The Society for American Baseball Research (SABR) is a membership organization dedicated to fostering the research and dissemination of the history and record of baseball primarily through the use of statistics. Established in Cooperstown, New York, on August 10, 1971 by sportswriter Bob Davids, it is based in Phoenix, Arizona. Its membership as of June 1, 2019, is 5,367.
Only a minority of members pursue "number crunching" research. Rather, the SABR community is organized both by interest and geography:
Research Committees study a particular issue
Regional Chapters link members by proximity. The latter are frequently named after baseball personalities relevant to their region.
SABR also has an active Biography Project, with members authoring well-researched and engaging biographies of a growing list of former big league ballplayers and other notable contributors to the game.
SABR members keep in touch through online directories and electronic mailing lists set up through the SABR headquarters. The headquarters also maintains a number of research tools on its website, including a lending library, home run and triple play logs, and course syllabi related to the game.
SABR holds annual conventions in a different city each year. The conference generally includes panel discussions, research presentations, city-specific tourism, a ballgame, and an awards banquet. The 2007 convention in St. Louis, Missouri set the attendance record with 726 registered attendees out of approximately 7,000 SABR members. The organization also hosts an annual baseball analytics conference in Phoenix and a Negro Leagues conference, which is held in a different location each year.
The Baseball Research Journal (BRJ) is SABR's flagship publication since 1972 for members to publish and share their research with like-minded students of baseball. The National Pastime is an annual, published from 1982 to 2008 as The National Pastime: A Review of Baseball History, when it was intended as a more literary outlet than the stats oriented BRJ; since 2009 it is a convention-focused journal, with articles about the geographic region where the convention is taking place that year. Other Society publications are an increasing variety of books (since 1976) and ebooks (since 2011); 8-10 new e-books published annually are all free to members.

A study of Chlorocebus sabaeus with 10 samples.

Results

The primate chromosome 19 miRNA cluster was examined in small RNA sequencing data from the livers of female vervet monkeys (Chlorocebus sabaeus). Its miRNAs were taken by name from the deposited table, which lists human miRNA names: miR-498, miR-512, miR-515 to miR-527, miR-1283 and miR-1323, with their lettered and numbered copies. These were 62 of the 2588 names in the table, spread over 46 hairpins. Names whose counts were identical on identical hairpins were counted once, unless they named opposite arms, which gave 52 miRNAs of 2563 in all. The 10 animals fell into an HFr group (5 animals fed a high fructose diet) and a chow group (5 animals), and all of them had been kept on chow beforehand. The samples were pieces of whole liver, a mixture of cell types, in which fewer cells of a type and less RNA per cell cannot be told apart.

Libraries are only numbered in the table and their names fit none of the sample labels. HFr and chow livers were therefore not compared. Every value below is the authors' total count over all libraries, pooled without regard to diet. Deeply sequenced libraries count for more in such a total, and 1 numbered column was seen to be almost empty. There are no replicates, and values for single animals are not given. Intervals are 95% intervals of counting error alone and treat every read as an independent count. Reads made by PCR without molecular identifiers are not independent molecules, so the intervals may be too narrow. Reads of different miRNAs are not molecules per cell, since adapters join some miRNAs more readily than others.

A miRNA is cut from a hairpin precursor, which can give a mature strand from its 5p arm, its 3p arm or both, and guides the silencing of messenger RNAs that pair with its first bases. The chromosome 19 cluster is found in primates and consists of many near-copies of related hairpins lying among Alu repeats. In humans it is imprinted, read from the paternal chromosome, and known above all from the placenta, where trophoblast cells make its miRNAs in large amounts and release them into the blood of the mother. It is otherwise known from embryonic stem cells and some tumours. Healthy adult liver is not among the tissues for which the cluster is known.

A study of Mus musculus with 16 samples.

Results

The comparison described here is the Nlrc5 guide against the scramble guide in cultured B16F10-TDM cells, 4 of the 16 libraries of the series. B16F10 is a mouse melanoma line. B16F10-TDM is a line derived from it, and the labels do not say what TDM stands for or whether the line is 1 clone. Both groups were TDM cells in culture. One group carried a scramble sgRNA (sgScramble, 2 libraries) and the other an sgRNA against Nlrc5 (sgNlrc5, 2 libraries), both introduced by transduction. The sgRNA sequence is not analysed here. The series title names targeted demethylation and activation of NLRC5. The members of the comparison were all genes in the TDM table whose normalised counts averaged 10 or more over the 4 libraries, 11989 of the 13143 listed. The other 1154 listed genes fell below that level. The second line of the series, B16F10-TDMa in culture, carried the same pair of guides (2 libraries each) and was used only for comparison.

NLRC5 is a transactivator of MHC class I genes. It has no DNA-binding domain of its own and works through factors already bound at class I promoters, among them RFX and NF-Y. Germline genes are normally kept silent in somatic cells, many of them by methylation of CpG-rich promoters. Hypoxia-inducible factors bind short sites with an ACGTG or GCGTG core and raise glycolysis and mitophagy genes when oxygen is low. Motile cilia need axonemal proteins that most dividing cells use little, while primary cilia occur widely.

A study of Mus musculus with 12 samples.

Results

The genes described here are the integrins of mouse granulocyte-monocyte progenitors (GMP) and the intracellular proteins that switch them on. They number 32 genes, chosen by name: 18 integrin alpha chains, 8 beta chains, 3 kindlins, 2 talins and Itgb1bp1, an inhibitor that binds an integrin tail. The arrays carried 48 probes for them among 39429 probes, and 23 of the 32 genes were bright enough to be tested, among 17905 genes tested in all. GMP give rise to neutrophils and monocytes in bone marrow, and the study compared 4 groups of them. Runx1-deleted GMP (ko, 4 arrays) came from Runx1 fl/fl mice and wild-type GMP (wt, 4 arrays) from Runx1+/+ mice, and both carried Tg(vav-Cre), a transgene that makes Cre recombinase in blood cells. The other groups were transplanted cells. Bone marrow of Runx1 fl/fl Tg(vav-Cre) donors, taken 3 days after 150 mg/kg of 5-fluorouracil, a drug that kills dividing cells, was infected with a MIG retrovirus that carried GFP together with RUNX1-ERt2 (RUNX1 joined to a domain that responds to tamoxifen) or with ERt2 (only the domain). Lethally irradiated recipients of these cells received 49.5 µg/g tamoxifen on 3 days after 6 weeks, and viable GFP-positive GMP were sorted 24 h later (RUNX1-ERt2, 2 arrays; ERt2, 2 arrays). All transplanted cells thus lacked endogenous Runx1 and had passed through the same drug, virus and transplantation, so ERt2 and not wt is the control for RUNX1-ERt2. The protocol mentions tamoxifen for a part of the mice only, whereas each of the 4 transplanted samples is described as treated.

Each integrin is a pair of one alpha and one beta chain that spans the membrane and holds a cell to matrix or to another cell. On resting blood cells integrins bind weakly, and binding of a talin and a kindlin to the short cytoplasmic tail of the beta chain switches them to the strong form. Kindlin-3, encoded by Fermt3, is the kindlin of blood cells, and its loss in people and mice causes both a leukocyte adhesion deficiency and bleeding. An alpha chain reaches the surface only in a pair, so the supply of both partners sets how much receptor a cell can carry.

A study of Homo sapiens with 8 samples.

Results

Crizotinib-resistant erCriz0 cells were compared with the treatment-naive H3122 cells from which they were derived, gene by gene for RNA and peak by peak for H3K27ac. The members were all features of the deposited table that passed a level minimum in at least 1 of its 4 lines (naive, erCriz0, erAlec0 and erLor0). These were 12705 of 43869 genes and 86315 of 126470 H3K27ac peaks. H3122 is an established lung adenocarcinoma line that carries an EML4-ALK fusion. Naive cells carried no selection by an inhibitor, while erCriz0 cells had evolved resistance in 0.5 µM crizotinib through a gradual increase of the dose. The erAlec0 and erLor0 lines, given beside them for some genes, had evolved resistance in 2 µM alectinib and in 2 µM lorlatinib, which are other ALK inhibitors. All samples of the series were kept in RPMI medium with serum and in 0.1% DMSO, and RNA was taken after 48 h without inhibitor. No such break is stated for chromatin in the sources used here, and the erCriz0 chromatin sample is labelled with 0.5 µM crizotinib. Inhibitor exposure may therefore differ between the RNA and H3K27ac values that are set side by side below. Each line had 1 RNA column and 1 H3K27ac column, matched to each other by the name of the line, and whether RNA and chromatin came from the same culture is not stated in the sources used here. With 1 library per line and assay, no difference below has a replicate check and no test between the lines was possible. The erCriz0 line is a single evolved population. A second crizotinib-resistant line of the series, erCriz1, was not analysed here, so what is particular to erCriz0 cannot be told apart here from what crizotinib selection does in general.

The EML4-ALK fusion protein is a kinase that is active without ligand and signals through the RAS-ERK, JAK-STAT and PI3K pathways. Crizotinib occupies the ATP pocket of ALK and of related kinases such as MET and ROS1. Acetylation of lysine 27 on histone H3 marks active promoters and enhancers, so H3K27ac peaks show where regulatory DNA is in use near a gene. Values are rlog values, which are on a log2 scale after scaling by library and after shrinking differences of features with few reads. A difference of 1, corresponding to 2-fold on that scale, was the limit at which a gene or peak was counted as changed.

Bob Davids Award: for exceptional SABR members who have made contributions to SABR and baseball that reflect ingenuity, integrity, and self-sacrifice. It is SABR's highest honor, and was established in 1985.
McFarland-SABR Baseball Research Award: for authors of the best articles on baseball history or biography completed during the preceding calendar year (published or unpublished).
Sporting News-SABR Baseball Research Award: for projects which do not fit the criteria for The Seymour Medal or the McFarland-SABR Award.
Jerry Malloy Book Prize: best book-length nonfiction manuscript submitted by a member of SABR.
Doug Pappas Research Award: best oral research presentation at the Annual Convention.
Lee Allen Award: for the best baseball research project at the annual National History Day competition.
Jack Kavanagh Memorial Youth Baseball Research Award: research paper by a researcher in grades 6–8 (middle school category), grades 9–12 (high school category), or undergraduates 22 and under (College Category).
In 2013, SABR began collaborating with Rawlings on the Gold Glove Award. Rawlings changed the voting process to incorporate SABR Defensive Index, a sabermetric component provided by SABR, which accounts for approximately 25 percent of the vote for the defensive award.
^It's impossible for me to get the online link for this -- I can download it as a PDF and find the membership page but I am totally unable to use the SABR membership website to view the information online.
^The Seymour Medal was first awarded in 1996, at the SABR national convention. SABR held the first Seymour Medal Conference in 1999, at Cleveland State University, in conjunction with the presentation of the medal. "The Seymour Medal". Society for American Baseball Research. Retrieved 2011-12-19.
^The McFarland award was "previously named The Macmillan-SABR Baseball Research Award (1987–1999)", according to "McFarland-SABR Baseball Research Award". Society for American Baseball Research. Retrieved 2012-02-17.